What I would never confess,was the intensity with which I loved those black crows.
On hazy autumn afternoons, I’d wander and look for their beaks in wheat fields and skies saturated with specks of sand carried by blonde rays. Their black feathers would camouflage perfectly during the night time, and so I had to rush after school to catch a glimpse of them before dusk.
I had torn the scarecrow down, severed its cotton limbs and stuffed my bed mattress and pillow case with what remained of them. I had ripped off the clothes it wore and handed them down to Sarah and Jen who lived by the garbage bins at the corner of the next street. I congratulated myself on those disguised deeds done to quench my thirst with short-lived shots of dopamine and serotonin.
I spent hours in our dim basement on dark Friday nights fashioning a chair out of logs of teak, crafting a picture of them on its back with perfect delicacy and their names on the front carefully.
And on a Saturday dawn, with sun rays kissing the seat a good-morning through holes in the walls, I had carved my last letter and dusted off of it the dirt.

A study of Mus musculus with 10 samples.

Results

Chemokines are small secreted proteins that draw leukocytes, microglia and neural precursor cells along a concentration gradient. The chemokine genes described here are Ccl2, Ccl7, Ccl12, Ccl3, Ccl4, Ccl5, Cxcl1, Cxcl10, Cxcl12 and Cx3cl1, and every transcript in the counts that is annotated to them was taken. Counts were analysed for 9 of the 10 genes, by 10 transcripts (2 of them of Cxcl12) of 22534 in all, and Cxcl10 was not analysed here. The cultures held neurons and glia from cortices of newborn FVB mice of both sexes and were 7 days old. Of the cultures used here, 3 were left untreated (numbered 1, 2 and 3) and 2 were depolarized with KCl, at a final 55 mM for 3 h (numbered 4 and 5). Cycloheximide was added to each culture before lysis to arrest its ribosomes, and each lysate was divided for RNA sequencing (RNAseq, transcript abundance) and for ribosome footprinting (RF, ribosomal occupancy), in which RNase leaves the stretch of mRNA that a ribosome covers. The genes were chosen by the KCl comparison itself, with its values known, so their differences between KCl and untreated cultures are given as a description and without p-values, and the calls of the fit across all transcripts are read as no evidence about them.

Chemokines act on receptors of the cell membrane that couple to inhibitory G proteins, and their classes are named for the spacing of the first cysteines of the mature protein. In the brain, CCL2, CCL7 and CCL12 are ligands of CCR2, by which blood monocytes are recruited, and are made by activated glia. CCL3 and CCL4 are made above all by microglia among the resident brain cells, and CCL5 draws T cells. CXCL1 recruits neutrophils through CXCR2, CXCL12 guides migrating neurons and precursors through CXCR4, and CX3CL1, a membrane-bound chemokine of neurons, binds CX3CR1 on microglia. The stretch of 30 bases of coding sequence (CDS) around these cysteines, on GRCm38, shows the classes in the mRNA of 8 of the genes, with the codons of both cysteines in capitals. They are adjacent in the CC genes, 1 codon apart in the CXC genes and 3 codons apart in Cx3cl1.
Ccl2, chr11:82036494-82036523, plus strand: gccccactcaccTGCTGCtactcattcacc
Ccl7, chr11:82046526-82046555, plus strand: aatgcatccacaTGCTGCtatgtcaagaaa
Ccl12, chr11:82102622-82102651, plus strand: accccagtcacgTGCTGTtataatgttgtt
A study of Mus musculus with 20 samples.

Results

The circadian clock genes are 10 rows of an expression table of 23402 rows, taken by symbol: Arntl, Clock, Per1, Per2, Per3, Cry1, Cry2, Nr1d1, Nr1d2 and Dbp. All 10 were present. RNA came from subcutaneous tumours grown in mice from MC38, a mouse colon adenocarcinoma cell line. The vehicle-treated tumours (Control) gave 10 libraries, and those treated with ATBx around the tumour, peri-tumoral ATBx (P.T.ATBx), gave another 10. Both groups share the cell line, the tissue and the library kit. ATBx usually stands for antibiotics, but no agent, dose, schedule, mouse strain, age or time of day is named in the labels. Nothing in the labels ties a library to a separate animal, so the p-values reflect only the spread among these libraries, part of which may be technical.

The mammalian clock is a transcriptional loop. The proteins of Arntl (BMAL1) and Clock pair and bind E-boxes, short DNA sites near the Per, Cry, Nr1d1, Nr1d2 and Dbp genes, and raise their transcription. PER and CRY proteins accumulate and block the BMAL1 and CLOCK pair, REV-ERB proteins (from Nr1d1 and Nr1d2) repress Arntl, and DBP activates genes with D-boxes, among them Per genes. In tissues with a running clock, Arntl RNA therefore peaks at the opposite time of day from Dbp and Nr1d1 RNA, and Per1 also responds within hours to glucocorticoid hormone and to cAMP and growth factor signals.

I carried it on my back to the center of the field and cautiously set it down on a worn-out rug I had stolen from my neighbor’s yard during midnight the other week. He’d go on without it fine, but the chair, no it can’t touch the soil.
Then by its four feet, I left bowls of fresh water that glistened as light played on their surface, and on the seat I placed a nest of auric straw.
Slowly, I stepped back. The wheat had grown tall. Its grains toyed with my hair and caressed my tanned skin. I suppressed a giggle. I had heard a “caw”, but it gradually faded.
It’s been hours. The wheat grains seemed to be swaying more slowly now as I waited.
I stood in that golden heaven, but was too busy waiting for their black majesty.
I had built them a throne, in my mind and in that field.